Definition of journal in English:
- Shane Rhodes has published poetry, essays and reviews in magazines, journals and newspapers across Canada.
- Craft spends her professional hours surrounded by thousands of academic journals, magazines and newspapers.
- She reads novels, newspapers, medical journals and science periodicals, and as a writing instructor, she reads teaching books.
- Some people call them journals, or diaries, but to Dylan, they were neither.
- It's a journal, a diary, an online record of your likes, your loathes, your jokes and your photos.
- Interpreting a person's life from journals left behind is a dangerously misguided exercise.
- Phelps, who first went to sea as a cabin boy in 1816, worked from original journals and logbooks now mostly lost.
- Logbooks and journals reveal that in the nineteenth century it was common practice for Royal Navy vessels to pick up a complement of Kru sailors, or Kroomen, upon reaching the African coast.
- The third, a naval journal or logbook from 1853-1854, reveals clashes with pirates in the Far East at the height of British imperial power.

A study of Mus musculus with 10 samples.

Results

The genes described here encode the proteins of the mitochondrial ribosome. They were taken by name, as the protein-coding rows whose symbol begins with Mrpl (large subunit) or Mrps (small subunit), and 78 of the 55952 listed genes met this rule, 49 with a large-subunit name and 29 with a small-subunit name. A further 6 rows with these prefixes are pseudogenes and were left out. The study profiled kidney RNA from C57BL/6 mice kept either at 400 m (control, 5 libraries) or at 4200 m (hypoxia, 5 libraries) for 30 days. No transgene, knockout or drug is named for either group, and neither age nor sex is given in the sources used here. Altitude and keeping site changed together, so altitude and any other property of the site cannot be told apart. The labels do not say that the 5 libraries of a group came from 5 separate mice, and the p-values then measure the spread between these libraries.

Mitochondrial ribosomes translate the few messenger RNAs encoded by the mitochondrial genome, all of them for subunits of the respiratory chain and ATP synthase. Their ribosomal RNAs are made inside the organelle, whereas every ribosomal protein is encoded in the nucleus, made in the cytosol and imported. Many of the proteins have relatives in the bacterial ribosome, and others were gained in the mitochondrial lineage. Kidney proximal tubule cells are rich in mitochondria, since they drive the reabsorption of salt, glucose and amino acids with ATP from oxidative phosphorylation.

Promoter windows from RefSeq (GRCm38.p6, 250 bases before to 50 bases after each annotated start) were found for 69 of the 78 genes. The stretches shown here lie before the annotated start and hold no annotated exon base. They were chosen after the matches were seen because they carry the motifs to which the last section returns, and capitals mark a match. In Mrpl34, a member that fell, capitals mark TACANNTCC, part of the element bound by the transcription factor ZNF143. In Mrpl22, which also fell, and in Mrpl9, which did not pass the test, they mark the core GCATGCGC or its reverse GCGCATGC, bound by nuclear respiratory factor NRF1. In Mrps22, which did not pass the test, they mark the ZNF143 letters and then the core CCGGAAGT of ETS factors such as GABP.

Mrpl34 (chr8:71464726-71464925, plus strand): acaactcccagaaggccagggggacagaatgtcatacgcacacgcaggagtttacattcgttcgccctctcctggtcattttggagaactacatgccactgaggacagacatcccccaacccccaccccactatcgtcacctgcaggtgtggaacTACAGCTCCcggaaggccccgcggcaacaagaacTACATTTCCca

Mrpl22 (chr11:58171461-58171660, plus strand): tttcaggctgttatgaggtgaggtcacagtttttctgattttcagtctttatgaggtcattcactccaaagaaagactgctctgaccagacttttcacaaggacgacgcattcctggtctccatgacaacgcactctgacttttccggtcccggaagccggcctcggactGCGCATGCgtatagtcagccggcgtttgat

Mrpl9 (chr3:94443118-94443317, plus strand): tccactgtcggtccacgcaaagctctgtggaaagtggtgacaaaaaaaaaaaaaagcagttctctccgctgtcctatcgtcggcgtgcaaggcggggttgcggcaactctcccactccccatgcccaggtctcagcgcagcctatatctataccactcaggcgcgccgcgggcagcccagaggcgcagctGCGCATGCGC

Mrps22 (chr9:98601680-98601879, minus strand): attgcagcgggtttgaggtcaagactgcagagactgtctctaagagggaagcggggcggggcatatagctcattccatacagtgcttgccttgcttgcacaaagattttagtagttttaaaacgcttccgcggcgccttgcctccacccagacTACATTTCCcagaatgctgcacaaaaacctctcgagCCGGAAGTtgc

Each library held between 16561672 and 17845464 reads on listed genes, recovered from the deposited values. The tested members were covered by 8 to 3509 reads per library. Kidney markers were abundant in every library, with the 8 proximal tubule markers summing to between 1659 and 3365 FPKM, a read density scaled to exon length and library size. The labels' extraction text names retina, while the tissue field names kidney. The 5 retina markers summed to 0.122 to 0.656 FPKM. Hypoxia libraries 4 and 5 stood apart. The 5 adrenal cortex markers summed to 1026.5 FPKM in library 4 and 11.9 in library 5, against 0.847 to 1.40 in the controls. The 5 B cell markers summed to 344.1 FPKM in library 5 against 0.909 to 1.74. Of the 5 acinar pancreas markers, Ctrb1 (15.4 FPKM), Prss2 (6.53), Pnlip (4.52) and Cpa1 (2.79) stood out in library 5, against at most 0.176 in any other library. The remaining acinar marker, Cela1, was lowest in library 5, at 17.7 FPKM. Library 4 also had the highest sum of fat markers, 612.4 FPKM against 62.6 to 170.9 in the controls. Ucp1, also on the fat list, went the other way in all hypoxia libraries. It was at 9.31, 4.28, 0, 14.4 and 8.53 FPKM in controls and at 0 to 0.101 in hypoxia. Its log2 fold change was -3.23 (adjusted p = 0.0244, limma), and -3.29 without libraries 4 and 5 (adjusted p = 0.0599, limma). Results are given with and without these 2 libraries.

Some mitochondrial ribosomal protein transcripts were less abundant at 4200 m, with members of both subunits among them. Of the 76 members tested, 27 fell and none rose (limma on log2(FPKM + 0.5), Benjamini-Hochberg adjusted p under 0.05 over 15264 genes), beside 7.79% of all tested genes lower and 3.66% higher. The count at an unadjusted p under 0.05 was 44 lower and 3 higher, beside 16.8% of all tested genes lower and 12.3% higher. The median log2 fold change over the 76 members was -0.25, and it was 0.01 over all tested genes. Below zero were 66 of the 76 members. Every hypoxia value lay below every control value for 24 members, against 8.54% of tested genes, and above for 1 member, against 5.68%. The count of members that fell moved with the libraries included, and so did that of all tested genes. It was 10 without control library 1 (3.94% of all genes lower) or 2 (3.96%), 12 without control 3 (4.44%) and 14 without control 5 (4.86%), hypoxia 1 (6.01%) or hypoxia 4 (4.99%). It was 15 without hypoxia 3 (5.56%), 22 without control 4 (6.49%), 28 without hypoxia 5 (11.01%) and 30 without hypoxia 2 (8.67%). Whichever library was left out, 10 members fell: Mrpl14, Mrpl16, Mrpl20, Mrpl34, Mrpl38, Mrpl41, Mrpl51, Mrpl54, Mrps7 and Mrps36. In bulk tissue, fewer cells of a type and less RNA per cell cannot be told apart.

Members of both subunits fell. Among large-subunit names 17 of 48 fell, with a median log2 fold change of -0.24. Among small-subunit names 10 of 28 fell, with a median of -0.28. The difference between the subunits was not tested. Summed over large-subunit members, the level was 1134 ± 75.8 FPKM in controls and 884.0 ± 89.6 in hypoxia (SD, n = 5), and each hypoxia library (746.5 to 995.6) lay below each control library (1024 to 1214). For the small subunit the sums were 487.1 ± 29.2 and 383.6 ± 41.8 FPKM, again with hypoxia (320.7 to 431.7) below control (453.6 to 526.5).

- This is not a formal accounting journal with debits and credits.
- Accounting organizes information in the form of documents, journals, ledgers, and reports.
- The LS1 hydraulic roller camshaft has large bearing journals and a large-diameter base circle to minimize torsional twisting and stress.
- Sizing the engine for its current displacement meant that the crankshaft lost four pounds, and could ride on smaller bearing journals.
- The bit journal is the bearing load-carrying surface, as shown in Figures 4.5 and 4.6.
verb (journals, journaling, journaled)[no object] Back to top
- I need to start journaling again.
- But I haven't journaled or blogged for nearly a week, and I feel all pent up.
- Leave family, pets and friends behind and spend your time journaling, reading, writing letters, taking long walks - whatever helps you reconnect with yourself.
In the Middle Ages a journal was a book listing the times of daily prayers. It comes ultimately from the late Latin word diurnalis ‘belonging to a day’. The use of the word to mean a personal diary, which in theory you filled in every day, comes in at the beginning of the 17th century. Journal meaning ‘a daily newspaper’ is first recorded from the early 18th century, but must be earlier as journalist, in the modern sense, dates from the late 17th century. The earliest senses of journey in Middle English were ‘a day, a day's travel, a day's work’. Like journal, the word comes ultimately from the Latin dies ‘day’. Today we use journeyman (Late Middle English) as a term for a worker or sports player who is reliable but not outstanding. This goes back to the Middle Ages when it was the name for someone who had served his apprenticeship but was not yet a master of his craft. He still worked for someone else, and got his name from the fact that he was paid by the day.